After the CoVID-19 deluge

What will happen to our healthcare services once the acute phase of CoVID-19 has passed is anyone’s guess. The backlog of non-urgent surgery and medical treatment grows daily as physicians not involved in acute life-threatening care are furloughed and patients are reticent to see clinicians for fear of catching CoVID-19, if their offices are even open for face-to-face consultations.

CoVID-19 phobia can turn seasonal allergies into something more sinister.

Clinicians and patients are not very skilled at negotiating healthcare priorities. Unfortunately, beyond end-of-life decisions, there is little evidence to give guidance on how patients or clinicians should decide which health problem to address in what order.

When patients with multimorbidity are asked to identify their priorities, they answer in generalities: maintaining independence, staying alive, and relieving pain and symptoms. This wish list doesn’t translate well to the disease-focussed health care systems that clinicians work under, and gives physicians little guidance on how to conduct consultations or treatment.

For clinicians, the most comfortable approach is dealing with acute problems such as hypertension and diabetes, for which there is ample evidence and professional guidance.  Chronic and co-morbid problems such depression, dementia and disabling arthritis are often overlooked even though such problems can equally affect a patient’s quality of life and life expectancy.

If the response to CoVID-19 continues to pervade the rest of the healthcare system, it will intensify the focus on acute problems, even if they are not serious. We have already seen the impact of this type of conjured urgency. For example, CoVID-19 phobia erroneously can turn slight fevers, headaches and coughs that may merely be seasonal allergies into something more sinister.  Tracking apps and medical websites only magnify the fear many of us have than any cough or sneeze may morph into full blown CoVID-19.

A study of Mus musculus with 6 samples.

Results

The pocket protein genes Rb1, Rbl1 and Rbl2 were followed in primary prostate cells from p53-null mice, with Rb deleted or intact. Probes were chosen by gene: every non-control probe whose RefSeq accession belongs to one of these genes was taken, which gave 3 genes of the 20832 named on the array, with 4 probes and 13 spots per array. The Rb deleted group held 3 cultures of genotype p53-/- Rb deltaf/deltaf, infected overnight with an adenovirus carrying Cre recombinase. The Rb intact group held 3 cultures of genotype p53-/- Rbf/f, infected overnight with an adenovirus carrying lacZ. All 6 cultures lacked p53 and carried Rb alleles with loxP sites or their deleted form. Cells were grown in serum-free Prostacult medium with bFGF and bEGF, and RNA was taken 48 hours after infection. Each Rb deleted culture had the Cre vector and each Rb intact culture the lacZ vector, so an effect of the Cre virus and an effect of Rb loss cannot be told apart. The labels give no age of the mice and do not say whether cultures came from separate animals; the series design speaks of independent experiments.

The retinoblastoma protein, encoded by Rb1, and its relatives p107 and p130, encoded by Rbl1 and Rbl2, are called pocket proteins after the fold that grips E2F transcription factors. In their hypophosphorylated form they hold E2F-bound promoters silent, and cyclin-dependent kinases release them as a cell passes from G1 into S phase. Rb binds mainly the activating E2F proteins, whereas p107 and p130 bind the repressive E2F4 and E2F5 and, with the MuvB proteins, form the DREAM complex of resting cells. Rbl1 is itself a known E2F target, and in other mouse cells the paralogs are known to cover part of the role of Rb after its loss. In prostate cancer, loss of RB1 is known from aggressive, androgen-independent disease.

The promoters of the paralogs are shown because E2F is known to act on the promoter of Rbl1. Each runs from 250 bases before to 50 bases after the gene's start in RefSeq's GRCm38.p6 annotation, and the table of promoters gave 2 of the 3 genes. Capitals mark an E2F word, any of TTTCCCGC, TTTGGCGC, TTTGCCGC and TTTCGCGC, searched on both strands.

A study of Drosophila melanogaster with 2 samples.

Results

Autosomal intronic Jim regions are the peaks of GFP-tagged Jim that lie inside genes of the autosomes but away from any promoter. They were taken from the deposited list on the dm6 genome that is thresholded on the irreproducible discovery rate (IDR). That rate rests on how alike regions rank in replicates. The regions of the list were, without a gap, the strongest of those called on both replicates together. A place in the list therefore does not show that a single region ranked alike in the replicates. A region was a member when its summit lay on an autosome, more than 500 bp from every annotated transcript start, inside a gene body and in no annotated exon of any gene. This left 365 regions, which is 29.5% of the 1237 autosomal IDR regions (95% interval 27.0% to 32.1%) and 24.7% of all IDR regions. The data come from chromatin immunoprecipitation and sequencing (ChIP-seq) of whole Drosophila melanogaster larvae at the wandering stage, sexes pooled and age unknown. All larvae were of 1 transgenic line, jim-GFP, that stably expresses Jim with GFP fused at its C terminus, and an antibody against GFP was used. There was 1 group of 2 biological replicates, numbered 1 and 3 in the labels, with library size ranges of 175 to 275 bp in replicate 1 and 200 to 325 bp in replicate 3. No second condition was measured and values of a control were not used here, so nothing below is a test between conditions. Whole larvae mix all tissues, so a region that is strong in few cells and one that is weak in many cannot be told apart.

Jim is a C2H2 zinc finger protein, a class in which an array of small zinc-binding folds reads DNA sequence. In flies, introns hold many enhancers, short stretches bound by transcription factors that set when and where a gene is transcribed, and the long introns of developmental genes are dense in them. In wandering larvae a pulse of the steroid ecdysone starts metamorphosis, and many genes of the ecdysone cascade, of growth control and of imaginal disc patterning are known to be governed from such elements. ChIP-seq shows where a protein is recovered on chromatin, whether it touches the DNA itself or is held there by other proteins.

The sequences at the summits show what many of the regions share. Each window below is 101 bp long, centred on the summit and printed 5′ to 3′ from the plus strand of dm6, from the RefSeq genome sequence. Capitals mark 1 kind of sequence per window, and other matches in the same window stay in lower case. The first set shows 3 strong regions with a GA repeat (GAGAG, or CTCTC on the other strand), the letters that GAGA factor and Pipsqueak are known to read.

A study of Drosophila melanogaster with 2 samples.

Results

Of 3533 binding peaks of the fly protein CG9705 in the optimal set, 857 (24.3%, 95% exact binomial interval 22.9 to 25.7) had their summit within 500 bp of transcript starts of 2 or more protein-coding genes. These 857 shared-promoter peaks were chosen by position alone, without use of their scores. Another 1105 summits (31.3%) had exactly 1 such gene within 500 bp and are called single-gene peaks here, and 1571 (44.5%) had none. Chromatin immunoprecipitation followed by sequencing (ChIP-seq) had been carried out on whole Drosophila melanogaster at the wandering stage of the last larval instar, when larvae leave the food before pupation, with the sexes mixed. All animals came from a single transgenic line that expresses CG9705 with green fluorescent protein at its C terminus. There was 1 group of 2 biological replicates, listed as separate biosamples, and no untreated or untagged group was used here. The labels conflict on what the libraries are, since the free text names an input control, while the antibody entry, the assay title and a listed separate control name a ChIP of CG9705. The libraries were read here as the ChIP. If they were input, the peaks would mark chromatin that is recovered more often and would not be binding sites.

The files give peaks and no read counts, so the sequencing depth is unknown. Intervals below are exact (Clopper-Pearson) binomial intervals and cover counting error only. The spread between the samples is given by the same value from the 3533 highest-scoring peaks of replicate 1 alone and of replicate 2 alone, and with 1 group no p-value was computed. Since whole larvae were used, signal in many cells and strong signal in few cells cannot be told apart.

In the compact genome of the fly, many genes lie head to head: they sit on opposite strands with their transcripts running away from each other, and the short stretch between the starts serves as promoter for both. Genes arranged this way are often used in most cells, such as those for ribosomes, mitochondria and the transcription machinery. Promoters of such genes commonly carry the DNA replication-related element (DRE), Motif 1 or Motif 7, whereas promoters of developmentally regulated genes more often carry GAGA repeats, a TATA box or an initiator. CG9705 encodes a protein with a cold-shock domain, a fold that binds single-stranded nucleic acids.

Alternatively, if in the post CoVID-19 era, there is an incentive for clinicians to deal with complex chronic problems, we have hope for a more equitable system and more efficacious prioritisation.  Physicians and patients need to work together to determine what specific issues to address in a given consultation by considering whether problems are urgent or non-urgent, serious or not serious and what outcomes are possible.

4 thoughts on “After the CoVID-19 deluge

  1. As a clinician not dealing with acutely ill patients with covid 19, I’m not furloughed! I’m still seeing patients in general practice. My colleagues conduct video consults and any patient whom they can’t sort out comes to the health centre for a face to face with me.
    These patients may just need someone to palpate their abdomen, look in their ears or listen to their chest. But some have complex medical problems, multiple illnesses, with psychological and social issues all mixed together. Helping these patients is what good experienced GPs do all the time. Sure, it’s more tricky when patients are frightened that they may be developing Covid-19 (and some that I have seen are in the early stages) but we can handle that. Evidence based guidelines are not very helpful with this group of patients, so we have to make clinical judgements in conjunction with the patients (and maybe their families, too).
    For the past six weeks, I haven’t been able to refer some patients because the hospital services had been switched over to providing covid care. ENT is too risky for the doctors, the anaesthetists running the sleep clinic have been transferred to the expanded ITUs, for example. But I could still refer suspected cancer patients and the acute chest pain service was still available. The situation is now changing and I can refer a wider selection of patients.